Green publishing revisited: Rethinking paper & ink
From Ooligan Press in Portland, USA, comes Rethinking Paper & Ink: The Sustainable Publishing Revolution, by Jessicah Carver & Natalie Guidry. The Authors’ Note explains that the book evolved from a booklet, also published by Ooligan (1999), written by Melissa Brumer and Janine Eckhard.
The text provides a concise examination of sustainability issues in publishing. The book as a whole is divided into three parts, dealing respectively with the life of a book, out-of-house production, and in-house production. The frontmatter includes an environmental audit of the book itself, provided by the publishers – apparently a standard feature of the Open Book series to which this book belongs. The endmatter includes a glossary and a directory of resources.
The book has many strengths. Much discussion on so-called green publishing is long on expressions of concern and short on information (witness the ‘Greening the book’ session at this year’s London Book Fair). This book, in contrast, provides, so far as space constraints allow, detailed treatment of major questions – such as the environmental impact of printing (including a consideration of paper and ink) and a comparative assessment of printed books versus e-books.
A particular strength is that the book does not reduce environmental impact simply to a matter of climate change and carbon emission: “impacts are monitored by measuring toxin accumulation, observing the health and behaviours of wildlife (especially indicator species), studying climate changes, and measuring the health of the different functions of ecosystem services” (p. 8).
The standard of exposition is high. The text is written in direct, uncluttered, syntax. The glossary is helpful, especially for newcomers to publishing. The organisation of the text broadly reflects the organisation of publishing houses (with sections on acquisitions, design, marketing, etc.) – a feature that should facilitate the application of the book’s analysis to industrial practice.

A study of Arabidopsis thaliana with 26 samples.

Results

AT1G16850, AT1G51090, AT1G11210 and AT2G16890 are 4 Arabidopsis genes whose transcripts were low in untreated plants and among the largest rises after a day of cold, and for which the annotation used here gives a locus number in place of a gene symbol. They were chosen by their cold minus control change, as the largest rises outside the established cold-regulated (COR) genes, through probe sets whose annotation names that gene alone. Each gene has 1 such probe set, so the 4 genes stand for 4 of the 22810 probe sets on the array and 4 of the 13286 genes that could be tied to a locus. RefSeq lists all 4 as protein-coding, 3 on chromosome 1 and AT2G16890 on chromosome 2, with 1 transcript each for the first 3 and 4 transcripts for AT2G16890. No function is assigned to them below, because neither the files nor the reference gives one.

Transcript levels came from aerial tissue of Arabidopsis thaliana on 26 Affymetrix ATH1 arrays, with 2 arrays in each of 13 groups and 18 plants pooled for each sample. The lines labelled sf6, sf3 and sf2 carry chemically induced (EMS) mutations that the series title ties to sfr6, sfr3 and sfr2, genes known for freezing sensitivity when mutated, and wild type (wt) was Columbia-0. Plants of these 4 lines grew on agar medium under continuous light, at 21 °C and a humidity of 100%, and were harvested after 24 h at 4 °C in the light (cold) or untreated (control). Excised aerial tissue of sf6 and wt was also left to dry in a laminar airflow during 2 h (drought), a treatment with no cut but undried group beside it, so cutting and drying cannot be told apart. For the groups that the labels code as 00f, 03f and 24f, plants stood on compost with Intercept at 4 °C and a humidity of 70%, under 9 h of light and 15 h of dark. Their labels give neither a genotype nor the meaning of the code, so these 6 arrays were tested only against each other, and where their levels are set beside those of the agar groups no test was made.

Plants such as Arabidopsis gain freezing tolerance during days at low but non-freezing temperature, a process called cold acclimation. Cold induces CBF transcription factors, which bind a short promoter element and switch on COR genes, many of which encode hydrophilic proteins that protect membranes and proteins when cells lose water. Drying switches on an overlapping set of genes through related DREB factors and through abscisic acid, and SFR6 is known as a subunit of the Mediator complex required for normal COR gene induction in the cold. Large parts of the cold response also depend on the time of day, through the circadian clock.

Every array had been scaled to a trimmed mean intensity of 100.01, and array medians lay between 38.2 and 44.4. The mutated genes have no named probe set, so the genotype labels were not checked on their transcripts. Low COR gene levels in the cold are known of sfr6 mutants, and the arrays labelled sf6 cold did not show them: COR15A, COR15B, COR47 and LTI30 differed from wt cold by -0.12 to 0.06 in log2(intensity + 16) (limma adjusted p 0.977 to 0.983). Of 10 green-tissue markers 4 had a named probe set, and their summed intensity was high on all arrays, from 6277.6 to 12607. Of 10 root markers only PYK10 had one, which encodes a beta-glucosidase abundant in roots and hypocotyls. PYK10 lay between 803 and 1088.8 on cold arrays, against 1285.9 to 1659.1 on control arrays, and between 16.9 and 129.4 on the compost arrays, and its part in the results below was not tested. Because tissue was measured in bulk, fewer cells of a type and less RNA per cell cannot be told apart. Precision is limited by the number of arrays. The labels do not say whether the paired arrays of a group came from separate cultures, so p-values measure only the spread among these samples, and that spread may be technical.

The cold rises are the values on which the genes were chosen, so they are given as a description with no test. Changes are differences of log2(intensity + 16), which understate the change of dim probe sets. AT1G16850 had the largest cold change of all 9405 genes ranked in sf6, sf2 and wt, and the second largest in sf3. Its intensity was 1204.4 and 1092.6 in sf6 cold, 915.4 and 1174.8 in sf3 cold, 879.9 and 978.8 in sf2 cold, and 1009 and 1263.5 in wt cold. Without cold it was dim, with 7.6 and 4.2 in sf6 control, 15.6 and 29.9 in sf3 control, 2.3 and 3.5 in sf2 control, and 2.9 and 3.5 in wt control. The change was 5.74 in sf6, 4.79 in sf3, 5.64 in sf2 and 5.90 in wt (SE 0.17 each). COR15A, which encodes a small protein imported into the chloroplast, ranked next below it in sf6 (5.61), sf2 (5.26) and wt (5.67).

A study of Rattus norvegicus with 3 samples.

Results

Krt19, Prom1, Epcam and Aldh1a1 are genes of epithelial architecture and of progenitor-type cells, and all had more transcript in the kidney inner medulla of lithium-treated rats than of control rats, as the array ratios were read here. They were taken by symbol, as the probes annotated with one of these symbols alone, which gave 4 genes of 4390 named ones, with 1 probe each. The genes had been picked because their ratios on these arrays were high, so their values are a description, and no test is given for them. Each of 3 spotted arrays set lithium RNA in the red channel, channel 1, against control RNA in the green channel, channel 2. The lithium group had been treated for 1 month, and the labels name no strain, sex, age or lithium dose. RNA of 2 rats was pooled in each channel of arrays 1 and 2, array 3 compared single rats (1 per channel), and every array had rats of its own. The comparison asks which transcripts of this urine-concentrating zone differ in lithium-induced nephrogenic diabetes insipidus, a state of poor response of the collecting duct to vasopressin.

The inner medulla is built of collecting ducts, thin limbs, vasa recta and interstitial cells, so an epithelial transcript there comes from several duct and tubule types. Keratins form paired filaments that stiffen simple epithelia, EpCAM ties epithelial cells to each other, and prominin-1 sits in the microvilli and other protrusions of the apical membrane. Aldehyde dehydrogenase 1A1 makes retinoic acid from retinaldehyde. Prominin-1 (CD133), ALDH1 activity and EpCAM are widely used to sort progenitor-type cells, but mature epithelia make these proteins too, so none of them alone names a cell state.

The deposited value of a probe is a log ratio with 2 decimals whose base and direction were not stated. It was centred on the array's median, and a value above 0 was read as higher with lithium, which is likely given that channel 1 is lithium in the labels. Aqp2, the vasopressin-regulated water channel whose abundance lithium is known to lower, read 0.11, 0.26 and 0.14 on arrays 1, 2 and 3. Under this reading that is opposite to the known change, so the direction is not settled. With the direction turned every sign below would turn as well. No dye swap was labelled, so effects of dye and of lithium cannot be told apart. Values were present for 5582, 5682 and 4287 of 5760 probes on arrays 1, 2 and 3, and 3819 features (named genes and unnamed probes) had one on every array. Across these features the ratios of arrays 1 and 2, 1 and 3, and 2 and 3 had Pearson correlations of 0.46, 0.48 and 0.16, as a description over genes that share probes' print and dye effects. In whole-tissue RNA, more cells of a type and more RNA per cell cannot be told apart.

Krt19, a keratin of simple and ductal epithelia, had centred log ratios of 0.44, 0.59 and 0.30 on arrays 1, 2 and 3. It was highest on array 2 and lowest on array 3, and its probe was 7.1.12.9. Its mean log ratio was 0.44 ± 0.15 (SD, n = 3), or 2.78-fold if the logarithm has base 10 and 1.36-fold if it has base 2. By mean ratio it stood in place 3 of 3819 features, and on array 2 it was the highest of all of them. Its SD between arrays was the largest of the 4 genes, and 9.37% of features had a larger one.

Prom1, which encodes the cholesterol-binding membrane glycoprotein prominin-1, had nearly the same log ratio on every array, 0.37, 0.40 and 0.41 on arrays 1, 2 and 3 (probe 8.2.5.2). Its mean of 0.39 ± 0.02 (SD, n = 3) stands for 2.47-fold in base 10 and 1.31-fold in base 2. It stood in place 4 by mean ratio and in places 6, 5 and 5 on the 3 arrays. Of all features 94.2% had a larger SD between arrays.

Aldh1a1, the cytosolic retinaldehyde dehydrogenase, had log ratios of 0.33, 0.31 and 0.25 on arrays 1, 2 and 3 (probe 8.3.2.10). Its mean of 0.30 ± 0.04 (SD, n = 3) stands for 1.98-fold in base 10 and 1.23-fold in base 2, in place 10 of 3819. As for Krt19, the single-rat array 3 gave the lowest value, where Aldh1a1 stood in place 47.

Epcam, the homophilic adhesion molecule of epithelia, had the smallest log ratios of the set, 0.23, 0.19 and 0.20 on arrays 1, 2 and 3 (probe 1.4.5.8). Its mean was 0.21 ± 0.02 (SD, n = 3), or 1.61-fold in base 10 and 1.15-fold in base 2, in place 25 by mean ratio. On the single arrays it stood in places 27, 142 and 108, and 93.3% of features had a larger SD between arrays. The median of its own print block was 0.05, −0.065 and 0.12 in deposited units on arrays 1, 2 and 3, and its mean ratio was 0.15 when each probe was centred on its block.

Rethinking Paper & Ink does, however, exhibit some weaknesses too. The authors clearly appreciate that an assessment of sustainability requires assessment not only of products but also of behaviour – what people do with those products. Yet the point could have been stated more clearly – as a principle, that is.
Of the three spheres of sustainability – social, economic, and environmental – entailed in the triple bottom-line approach, the authors focus firmly on the last. They do, however, occasionally, comment on the other two. Where they do so, the prose becomes less careful: the text seems, for example, to treat ‘equity’, ‘equality of income’ (no mention of wealth), and provision for ‘basic needs’ as if distinctions between ‘these types’ of thing are self-evidently unimportant. They aren’t.
The weakest sections are, I think, those on acquisitions and design, where there is a certain vagueness. Acquisition editors, according to the authors, “might begin asking: What is the societal value of the potential book?”: yes, they might – but I think it is more likely to begin by thinking, “How would this book help me to my revenue targets?” Some of advice in these sections seemed to me to verge on the prissy, while the authors ignore the potentially important issue of travel. In my experience, in the professional and academic sectors, long-distance travel often functions as a status symbol, with the result that attendance at conferences in attractive locations often far exceeds what would be optimal – simply from the point of corporate productivity, let alone environmental impact.
The book rather ignores the question of overall corporate management. For example, do employees such as editorial and marketing staff need to work in the office, or can they work at least as efficiently from home? Overall, though the book helps the reader to asses what factors are important in terms of environmental impact, it has little to say on how to effect change. Perhaps that would require a different book.
Looking back at the above, I see that I have devoted more space to the book’s weaknesses than to its strengths. If that gives, overall, a negative impression of the book, that was not my intention. In fact, I welcome the book, which to my knowledge is the best resource on the subject. I hope that Ooligan will, in time, publish a further, expanded, edition.
PS: O’Reilly Radar has an interview (15 July) with Dennis Stovall (publisher at Ooligan): ‘Sustainable publishing is a mindset, not a format‘.